This is a postgraduate certificate. You must already have a bachelor's degree or equivalent from a university or college. Particularly likely candidates are those with a degree in the social sciences, communications, or business. You should be detail-oriented, enjoy doing research, and have good communications skills. You care about accuracy and you enjoy thinking critically and analytically and then explaining what you have learned to others.
Decision makers hire research analysts to do the research for which they don’t have the time and expertise. Accurate knowledge of a situation, a market, an issue, or a social context is often crucial to assessing a project’s parameters, precise goals, or likely chance of success. The research analyst is thus a much valued member of the team. It’s the analyst’s job to understand the context clearly and completely enough to present it to stakeholders who will shape the final project.
An RA may engage in a wide range of research activities. Although some RAs do mainly quantitative analysis (financial extrapolation, amassing and analyzing of statistical data, etc.), the qualitative methods that are the concentration of our program have a more human focus. They are geared toward work in market or social research or both, and can lead to employment in either the private or the public sector.
Market researchers may engage in original investigation in the form of interviews, polls and questionnaires; they may explore consumer behaviour or examine trends in an industry; and they will likely do competitive intelligence, determining and analysing the competitors and alternatives already present in the market.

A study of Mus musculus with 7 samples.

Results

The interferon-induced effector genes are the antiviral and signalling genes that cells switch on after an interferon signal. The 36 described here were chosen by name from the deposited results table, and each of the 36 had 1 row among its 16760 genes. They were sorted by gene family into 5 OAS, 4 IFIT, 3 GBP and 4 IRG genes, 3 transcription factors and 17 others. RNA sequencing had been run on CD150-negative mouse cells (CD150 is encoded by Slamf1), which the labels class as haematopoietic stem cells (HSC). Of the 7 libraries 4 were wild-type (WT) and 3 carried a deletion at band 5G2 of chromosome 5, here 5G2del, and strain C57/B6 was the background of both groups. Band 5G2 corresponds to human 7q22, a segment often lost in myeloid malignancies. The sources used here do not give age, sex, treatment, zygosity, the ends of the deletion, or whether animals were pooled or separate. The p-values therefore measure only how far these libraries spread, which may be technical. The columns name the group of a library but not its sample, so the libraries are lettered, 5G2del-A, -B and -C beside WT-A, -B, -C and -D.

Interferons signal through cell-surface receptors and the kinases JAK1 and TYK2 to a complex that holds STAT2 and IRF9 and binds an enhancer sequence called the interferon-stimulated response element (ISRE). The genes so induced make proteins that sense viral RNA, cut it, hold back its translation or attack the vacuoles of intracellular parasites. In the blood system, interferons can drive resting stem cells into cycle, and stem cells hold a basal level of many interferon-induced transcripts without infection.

Social research tends to be more about understanding a cultural context, the history and current status of a particular group, political or legal issues, and so forth.
Marketing researchers tend to be hired by private companies or organizations that want to change their image or figure out what that image is. Social analysts tend to be hired by government, NGOs, academic institutions, hospitals, schools, and similar non-commercial organizations.
Your job as an RA is to become an expert in a very specific sector or subject area and then to help businesses and organizations make informed decisions. You will do fairly extensive but highly-focused research into something generally quite specific, something about which you will likely have known little or nothing previously, and then digest that material and present it clearly and succinctly to others.
As an RA you may have a full-time position in a company or organization, you may work as a freelancer on short-term contracts for a variety of clients, or you may work for a firm that specializes in collecting market intelligence and selling it to their clients. An experienced research analyst has some of the most portable skills in the job market today.
One of the things that RAs find attractive about their work is that they get to do many different kinds of tasks and learn about new and different areas all the time. On any given day you might be designing a questionnaire, reading articles, poring through online discussion forums or industry web sites, crunching statistics, interviewing specialists in person or by phone, presenting your findings to colleagues or clients or doing any number of other short-term tasks that the project demands. It is challenging and creative work, and tends to be both well regarded and well rewarded.